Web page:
Crunch talks due to avert rail and Tube strikes


Officials from the train drivers' union Aslef will meet bosses from Southern Railway under the joint chairmanship of TUC general secretary Frances O'Grady and Andy Meadows, HR director of rail firm Abellio.

Three days of strikes scheduled for next week have been suspended, while an overtime ban ended at midnight on Tuesday.

Hundreds of thousands of passengers were hit by three days of strikes last week and have endured months of disruption because of industrial action, staff shortages and other issues.

The talks offer a glimmer of hope of breaking the deadlocked row over driver-only trains.

Charles Horton, chief executive of Southern's owner, Govia Thameslink Railway, said: "We've always made clear our willingness to engage in meaningful talks with Aslef to find a route forward to end their dispute.

"So, together with our passengers and businesses, we warmly welcome their decision to suspend next week's planned industrial action.

"This is an important and significant development for the travelling public and the regional economy, and our focus and efforts now will be on productive talks with the union and trying to find a solution and a way forward."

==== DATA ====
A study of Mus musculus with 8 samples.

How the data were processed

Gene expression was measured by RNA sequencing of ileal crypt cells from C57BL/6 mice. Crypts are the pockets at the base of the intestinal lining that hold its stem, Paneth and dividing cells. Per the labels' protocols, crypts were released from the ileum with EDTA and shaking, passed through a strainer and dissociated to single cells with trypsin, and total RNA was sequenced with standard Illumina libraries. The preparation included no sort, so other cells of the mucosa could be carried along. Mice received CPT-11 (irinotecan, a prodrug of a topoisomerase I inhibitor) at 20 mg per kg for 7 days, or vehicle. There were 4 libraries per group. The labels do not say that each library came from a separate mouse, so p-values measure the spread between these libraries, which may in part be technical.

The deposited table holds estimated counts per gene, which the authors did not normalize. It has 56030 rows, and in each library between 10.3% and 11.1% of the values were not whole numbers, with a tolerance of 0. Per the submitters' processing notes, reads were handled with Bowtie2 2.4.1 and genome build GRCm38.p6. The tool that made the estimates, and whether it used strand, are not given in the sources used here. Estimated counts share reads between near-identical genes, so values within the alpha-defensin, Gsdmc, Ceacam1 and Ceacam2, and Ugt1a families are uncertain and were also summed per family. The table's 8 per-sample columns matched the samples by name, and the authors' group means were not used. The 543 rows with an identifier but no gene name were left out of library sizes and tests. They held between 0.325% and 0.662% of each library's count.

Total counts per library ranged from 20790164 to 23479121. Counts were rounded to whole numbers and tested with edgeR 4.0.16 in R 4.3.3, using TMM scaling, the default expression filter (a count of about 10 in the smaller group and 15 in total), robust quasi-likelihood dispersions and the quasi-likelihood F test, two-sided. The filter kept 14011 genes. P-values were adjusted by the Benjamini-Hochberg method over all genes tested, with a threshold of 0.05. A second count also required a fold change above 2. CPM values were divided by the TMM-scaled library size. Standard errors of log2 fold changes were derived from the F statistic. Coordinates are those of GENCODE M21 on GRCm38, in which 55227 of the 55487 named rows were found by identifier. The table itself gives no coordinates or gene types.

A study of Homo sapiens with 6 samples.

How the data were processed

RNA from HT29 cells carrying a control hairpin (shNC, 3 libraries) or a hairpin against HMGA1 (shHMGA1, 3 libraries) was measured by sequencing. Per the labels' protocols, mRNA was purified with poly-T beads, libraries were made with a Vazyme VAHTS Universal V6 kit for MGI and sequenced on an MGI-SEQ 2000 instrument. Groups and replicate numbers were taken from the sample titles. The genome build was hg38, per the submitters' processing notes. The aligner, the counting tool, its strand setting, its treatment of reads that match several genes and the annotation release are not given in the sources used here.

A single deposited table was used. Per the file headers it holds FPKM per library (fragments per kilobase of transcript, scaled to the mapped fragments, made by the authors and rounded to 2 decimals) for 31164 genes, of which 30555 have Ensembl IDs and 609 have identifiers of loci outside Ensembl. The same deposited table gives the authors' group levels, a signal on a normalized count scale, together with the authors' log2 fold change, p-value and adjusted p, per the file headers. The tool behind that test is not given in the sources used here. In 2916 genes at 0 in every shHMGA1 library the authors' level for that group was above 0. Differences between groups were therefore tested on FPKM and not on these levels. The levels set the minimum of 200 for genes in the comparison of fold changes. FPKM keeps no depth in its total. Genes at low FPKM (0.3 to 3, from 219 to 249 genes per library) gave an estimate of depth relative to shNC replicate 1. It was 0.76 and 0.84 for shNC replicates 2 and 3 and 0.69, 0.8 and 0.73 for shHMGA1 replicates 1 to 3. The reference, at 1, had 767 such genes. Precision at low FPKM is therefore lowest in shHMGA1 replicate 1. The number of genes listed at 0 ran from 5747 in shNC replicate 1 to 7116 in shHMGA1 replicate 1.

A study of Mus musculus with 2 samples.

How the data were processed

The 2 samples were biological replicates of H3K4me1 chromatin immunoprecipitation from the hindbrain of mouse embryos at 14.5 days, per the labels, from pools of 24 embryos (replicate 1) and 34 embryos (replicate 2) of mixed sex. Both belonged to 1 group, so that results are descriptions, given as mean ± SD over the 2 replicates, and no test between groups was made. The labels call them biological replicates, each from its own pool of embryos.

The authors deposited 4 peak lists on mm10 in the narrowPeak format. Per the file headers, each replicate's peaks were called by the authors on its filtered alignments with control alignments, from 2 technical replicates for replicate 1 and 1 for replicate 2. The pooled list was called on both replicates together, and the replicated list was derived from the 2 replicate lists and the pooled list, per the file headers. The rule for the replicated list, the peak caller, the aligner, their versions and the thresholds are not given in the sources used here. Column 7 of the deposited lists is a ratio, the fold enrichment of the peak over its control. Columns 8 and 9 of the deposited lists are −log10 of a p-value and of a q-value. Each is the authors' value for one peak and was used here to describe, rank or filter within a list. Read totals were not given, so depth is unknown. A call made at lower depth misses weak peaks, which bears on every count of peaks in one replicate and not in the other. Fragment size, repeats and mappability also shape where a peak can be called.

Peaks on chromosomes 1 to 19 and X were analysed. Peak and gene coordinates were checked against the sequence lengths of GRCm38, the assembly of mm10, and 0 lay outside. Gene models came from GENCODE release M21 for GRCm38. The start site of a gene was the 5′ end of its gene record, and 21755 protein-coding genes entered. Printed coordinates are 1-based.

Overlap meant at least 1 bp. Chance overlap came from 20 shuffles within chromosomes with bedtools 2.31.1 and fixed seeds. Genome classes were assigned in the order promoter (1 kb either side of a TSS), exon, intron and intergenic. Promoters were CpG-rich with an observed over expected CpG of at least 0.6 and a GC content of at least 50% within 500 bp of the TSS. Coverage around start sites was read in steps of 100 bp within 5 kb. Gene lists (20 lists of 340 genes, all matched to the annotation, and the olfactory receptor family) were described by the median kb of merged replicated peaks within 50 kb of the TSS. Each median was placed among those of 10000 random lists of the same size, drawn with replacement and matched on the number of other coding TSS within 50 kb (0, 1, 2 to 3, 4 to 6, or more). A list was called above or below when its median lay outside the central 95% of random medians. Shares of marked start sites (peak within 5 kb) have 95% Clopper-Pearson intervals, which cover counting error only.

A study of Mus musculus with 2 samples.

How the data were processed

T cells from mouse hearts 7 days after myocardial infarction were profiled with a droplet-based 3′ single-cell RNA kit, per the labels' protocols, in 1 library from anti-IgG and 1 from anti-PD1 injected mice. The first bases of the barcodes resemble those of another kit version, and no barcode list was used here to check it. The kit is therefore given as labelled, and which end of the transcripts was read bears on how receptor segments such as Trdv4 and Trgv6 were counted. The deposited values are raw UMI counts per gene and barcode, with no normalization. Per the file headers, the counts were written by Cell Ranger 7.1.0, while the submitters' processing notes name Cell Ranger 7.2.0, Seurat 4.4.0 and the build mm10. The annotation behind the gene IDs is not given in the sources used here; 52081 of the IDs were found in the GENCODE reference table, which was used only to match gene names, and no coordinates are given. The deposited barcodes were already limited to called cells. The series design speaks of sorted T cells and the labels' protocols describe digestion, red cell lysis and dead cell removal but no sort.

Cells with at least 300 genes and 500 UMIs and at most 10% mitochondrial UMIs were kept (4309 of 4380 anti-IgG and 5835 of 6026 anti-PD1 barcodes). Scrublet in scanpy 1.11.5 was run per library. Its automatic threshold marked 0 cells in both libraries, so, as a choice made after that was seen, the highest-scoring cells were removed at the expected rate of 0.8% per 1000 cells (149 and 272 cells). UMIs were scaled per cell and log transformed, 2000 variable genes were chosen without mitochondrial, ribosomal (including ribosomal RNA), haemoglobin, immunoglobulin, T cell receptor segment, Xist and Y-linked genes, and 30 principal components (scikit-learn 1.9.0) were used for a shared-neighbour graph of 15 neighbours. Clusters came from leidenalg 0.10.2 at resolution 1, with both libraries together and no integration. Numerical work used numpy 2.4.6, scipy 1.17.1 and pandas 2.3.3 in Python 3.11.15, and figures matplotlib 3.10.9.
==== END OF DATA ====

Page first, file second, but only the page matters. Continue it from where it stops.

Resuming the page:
Aslef general secretary Mick Whelan said: "Aslef believes that the best way to resolve the dispute at Southern is for all parties to engage in meaningful talks, without preconditions, aimed at finding an agreed way forward."

Meanwhile, talks aimed at heading off more strikes on London Underground over jobs and ticket office closures will resume.

Officials from the RMT and the Transport Salaried Staffs Association (TSSA) will meet with LU under the chairmanship of the conciliation service Acas.

Members of the two unions staged a 24-hour strike last week which crippled Tube services, causing travel chaos.

The unions say a programme of hundreds of job cuts agreed by former London mayor Boris Johnson has gone too far and is affecting safety.

LU has agreed to new jobs but not enough to satisfy the unions.

The RMT has warned of further industrial action after February 6 if the row is not resolved.